Veterans Day Panel

In recognition of Veterans Day 2013, Volunteers of America and the RGK Center at the LBJ School of Public Affairs hosted a panel discussion on the many challenges facing America’s veterans, especially those returning from Iraq and Afghanistan. Panelists also discussed ideas for building a strong framework of support to help military men and women successfully return to civilian life. The event was moderated by Mike King, President and CEO of Volunteers of America. Panelists included Robert Hutchings, Dean, LBJ School of Public Affairs; Admiral Bobby R. Inman (Ret.), Lyndon B. Johnson Centennial Chair in National Policy, and Former Director, National Security Agency; and Jonathan Sherin, MD, Ph.D, Executive Vice President, Military Communities, Volunteers of America. 

Admiral Bobby R. Inman opened the discussion reflecting on some of the differences for veterans returning home from Vietnam and those returning from Iraq and Afghanistan. The panelists agreed that while there is general public appreciation for military service in Iraq and Afghanistan, there is also limited understanding of the experiences of these veterans both in combat and in returning home. 

Many of the challenges associated with the Iraq and Afghanistan wars are new, leaving our social service infrastructure underprepared to provide services to returning vets. First, as the longest lasting military engagement in US history using a volunteer force, military personnel are subjected to extended length tours and multiple deployments. The prolonged exposure to life-threatening circumstances creates a “perfect storm” for trauma with lasting impacts on the mental health of veterans and their families.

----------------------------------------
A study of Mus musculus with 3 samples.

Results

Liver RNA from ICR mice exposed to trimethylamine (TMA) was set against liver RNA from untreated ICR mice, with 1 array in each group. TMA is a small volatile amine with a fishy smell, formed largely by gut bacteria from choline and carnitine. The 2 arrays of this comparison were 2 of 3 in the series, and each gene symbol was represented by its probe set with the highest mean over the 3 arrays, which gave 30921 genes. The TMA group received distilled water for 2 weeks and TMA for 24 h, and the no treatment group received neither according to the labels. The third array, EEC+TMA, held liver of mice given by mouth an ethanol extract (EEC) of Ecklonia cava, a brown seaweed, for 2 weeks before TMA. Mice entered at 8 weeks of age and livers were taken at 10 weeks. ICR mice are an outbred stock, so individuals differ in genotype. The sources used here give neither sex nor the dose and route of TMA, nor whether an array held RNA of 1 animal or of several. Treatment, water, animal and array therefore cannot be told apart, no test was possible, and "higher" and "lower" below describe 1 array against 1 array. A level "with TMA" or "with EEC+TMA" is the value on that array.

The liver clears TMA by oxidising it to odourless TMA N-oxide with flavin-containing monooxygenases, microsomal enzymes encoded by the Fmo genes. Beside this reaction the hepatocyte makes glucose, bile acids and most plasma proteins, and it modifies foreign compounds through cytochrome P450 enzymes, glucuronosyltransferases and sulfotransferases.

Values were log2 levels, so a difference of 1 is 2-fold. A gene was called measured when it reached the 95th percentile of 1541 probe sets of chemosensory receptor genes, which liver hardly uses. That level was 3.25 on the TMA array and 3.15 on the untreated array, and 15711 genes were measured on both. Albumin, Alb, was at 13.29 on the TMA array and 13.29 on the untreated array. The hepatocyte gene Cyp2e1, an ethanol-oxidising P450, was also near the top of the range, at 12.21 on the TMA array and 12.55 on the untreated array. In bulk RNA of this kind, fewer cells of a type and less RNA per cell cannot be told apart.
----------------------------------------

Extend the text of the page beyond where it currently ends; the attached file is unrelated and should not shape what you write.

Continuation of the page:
In addition, service providers have not kept pace with the changing roles of women in the military. In addition to combat trauma, female veterans struggle with issues of sexual harassment and power inequalities, and with 40 percent of women soldiers leaving behind dependents to go to war, the impacts on children and families are essentially uncharted territory.

Further, with advances in evacuation procedures and medical treatment, the number of returning wounded veterans with severe injuries has increased substantially, creating another new stress on the social service infrastructure.

To meet these challenges, the panelists called for more collaboration and coordination of effort, an “all-in” response that involves all sectors of society. Certainly the government, but also nonprofits and the philanthropic sector can lead the way in providing new types of programs and services tailored to the needs of returning service men and women and their families. Academic institutions can serve as conveners, thought leaders, and data collectors in support of veterans affairs. Big business can create new opportunities, and politicians at all levels can initiate policy changes that empower organizations working to meet the needs of returning vets. Finally, the panelists stressed, veterans are themselves a civic asset and a resource that can be leveraged in helping our communities respond to the unmet needs of returning military personnel. Our ability as a nation to take care of our veterans not only influences our future ability to maintain an effective volunteer force, the panelists said. It is, most importantly, our moral and ethical responsibility to honor and support those individuals who have served.